Researchers' night out
Thirty-two European countries and 320 cities took part in the annual edition of the Researchers' Night an annual Europe-wide event that aims at bridging the gap between science & technology and citizens. For the third consecutive year, Trieste's scientific community was in the limelight. So too was TWAS, which took part in the initiative for the first time.
TWAS's booth, located just in front of the Trieste's city hall, was where the academy's staff conducted conversations with citizens and spoke about the activities that have gained the Academy a worldwide reputation for helping to promote scientific capacity in the developing world. A brief video, introducing a number of TWAS's most eminent members, was also shown.
TWAS's recently appointed executive director Romain Murenzi spent time at the booth to speak with the public. In the morning, the visitors consisted largely of students from secondary school. In the afternoon, local authorities, including Roberto Cosolini, the Mayor of Trieste; Antonella Grim, the city councillor for education; Francesco Peroni, the Rector of the University of Trieste; and Maria Teresa Bassa Poropat, president of the Provincia di Trieste were among the dignataries in attendance.
"Researchers' Night", Murenzi says, "provided a wonderful opportunity for me to introduce myself to the citizens of Trieste and to talk about TWAS. It also allowed me to learn more about Trieste, 'The City of Science'. Trieste has earned a well-deserved global reputation for the contributions it has made to help scientists in developing countries. It was great to hear about the work of the city's university and research centres that have made this happen."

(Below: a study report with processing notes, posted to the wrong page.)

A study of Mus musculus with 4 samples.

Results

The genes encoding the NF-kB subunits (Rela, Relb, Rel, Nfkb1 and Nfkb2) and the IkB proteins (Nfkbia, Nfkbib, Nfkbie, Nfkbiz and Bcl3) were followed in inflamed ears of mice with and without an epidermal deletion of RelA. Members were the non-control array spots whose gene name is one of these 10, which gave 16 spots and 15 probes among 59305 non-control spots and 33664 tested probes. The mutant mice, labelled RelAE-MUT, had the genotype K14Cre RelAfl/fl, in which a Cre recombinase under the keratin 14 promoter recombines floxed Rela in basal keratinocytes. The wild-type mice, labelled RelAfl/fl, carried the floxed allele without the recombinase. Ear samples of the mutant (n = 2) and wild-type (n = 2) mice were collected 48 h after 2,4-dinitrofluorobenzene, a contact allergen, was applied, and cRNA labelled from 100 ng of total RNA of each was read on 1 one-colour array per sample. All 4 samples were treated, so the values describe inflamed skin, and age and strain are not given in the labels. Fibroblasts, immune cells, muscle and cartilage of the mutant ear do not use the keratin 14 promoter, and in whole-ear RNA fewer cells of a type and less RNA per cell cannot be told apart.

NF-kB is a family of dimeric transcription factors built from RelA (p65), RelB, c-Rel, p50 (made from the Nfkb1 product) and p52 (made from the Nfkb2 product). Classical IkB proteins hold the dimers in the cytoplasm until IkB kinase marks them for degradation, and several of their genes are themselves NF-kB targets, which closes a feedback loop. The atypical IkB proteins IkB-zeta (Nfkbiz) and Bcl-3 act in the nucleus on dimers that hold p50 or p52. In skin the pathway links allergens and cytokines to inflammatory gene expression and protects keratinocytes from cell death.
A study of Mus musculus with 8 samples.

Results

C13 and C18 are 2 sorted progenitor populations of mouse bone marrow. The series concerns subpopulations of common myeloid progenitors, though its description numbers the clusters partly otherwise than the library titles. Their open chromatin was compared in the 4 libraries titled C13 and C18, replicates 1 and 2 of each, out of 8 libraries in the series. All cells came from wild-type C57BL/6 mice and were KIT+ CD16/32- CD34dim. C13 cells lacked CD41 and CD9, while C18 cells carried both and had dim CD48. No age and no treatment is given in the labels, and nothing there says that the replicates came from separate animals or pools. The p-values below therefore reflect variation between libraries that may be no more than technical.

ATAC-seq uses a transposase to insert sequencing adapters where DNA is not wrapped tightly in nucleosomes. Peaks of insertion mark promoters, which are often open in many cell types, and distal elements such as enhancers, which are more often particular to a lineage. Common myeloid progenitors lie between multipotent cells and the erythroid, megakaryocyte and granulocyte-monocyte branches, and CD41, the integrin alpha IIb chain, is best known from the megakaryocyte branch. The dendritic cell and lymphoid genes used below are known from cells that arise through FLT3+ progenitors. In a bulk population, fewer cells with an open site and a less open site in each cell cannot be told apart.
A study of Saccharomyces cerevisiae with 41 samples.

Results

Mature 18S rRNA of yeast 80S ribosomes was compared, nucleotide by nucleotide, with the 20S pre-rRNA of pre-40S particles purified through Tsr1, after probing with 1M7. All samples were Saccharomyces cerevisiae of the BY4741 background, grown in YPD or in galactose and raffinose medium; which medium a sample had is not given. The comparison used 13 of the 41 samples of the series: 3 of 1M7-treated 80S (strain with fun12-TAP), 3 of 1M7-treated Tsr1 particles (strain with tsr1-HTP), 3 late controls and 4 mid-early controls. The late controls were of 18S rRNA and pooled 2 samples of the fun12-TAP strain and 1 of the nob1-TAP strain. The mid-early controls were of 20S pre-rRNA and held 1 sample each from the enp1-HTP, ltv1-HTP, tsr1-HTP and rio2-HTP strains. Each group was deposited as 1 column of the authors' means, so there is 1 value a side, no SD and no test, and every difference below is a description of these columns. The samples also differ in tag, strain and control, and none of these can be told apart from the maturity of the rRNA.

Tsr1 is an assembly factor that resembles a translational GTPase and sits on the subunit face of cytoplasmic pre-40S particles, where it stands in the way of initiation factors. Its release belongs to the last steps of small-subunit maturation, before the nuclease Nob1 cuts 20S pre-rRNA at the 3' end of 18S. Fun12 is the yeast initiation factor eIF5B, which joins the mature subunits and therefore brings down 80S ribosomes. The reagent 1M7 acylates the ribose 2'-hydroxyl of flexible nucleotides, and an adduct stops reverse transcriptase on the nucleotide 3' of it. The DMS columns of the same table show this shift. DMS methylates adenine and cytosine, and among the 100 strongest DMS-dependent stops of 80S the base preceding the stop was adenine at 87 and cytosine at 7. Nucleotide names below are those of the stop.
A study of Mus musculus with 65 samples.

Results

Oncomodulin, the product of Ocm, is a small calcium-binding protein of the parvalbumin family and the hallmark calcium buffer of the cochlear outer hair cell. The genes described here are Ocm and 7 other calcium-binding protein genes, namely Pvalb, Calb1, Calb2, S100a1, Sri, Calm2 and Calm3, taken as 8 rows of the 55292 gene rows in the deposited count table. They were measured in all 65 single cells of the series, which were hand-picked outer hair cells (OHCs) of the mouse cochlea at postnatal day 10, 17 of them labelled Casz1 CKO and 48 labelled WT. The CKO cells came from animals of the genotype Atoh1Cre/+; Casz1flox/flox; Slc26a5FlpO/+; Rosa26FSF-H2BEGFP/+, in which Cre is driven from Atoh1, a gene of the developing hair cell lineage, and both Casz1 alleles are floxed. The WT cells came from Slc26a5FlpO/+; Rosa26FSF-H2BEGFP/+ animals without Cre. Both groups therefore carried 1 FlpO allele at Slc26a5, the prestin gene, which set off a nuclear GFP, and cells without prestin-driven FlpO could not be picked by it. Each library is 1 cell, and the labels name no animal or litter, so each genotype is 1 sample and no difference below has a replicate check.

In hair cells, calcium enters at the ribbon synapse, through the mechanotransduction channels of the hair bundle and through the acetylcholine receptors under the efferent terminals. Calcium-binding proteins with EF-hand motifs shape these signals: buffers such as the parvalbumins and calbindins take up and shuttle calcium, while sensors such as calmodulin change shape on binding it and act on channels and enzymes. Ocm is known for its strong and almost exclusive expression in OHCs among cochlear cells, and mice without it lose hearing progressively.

Murenzi also participated in one of the night's most popular events: 'Street Science'. There he engaged in an informal conversation focusing on a meaningful event from his past. Not surprisingly, he spoke about the economic and scientific renaissance in Rwanda following the violence and genocide of the 1990s.
Serving as minister of education and scientific research in the aftermath of this tragedy, Murenzi noted he "tried to build and strengthen education at all levels". Thanks largely to government efforts, the number of students in higher education in Rwanda rose from 1,000 in 1994 to more than 25,000 in 2005; nearly 40% of the students are now female. At present, Rwanda also invests 1.6% of its gross domestic product in science and technology, a figure that is expected to rise even higher over the next five years.
Between 1996 and 2005, Rwanda registered an annual economic growth rate of about 8%. Since 2006, the government, in collaboration with the World Bank, has set up a broad-based programme aimed at strengthening local capacity-building for the purposes of promoting sustainable economic growth.
"The same principles that shaped my tenure as minister – a unshakable belief in the power of science to change lives, improve society and grow the economy – will also shape my tenure at TWAS," Murenzi said. "I hope to build upon the Academy's strong foundation in scientific capacity-building to allow the benefits of science, technology and development to reach an increasing number of countries in the developing world. The success of the Academy, I believe, is Trieste's success as well. The Academy is grateful for the city's generosity, which has helped to make the world a better place."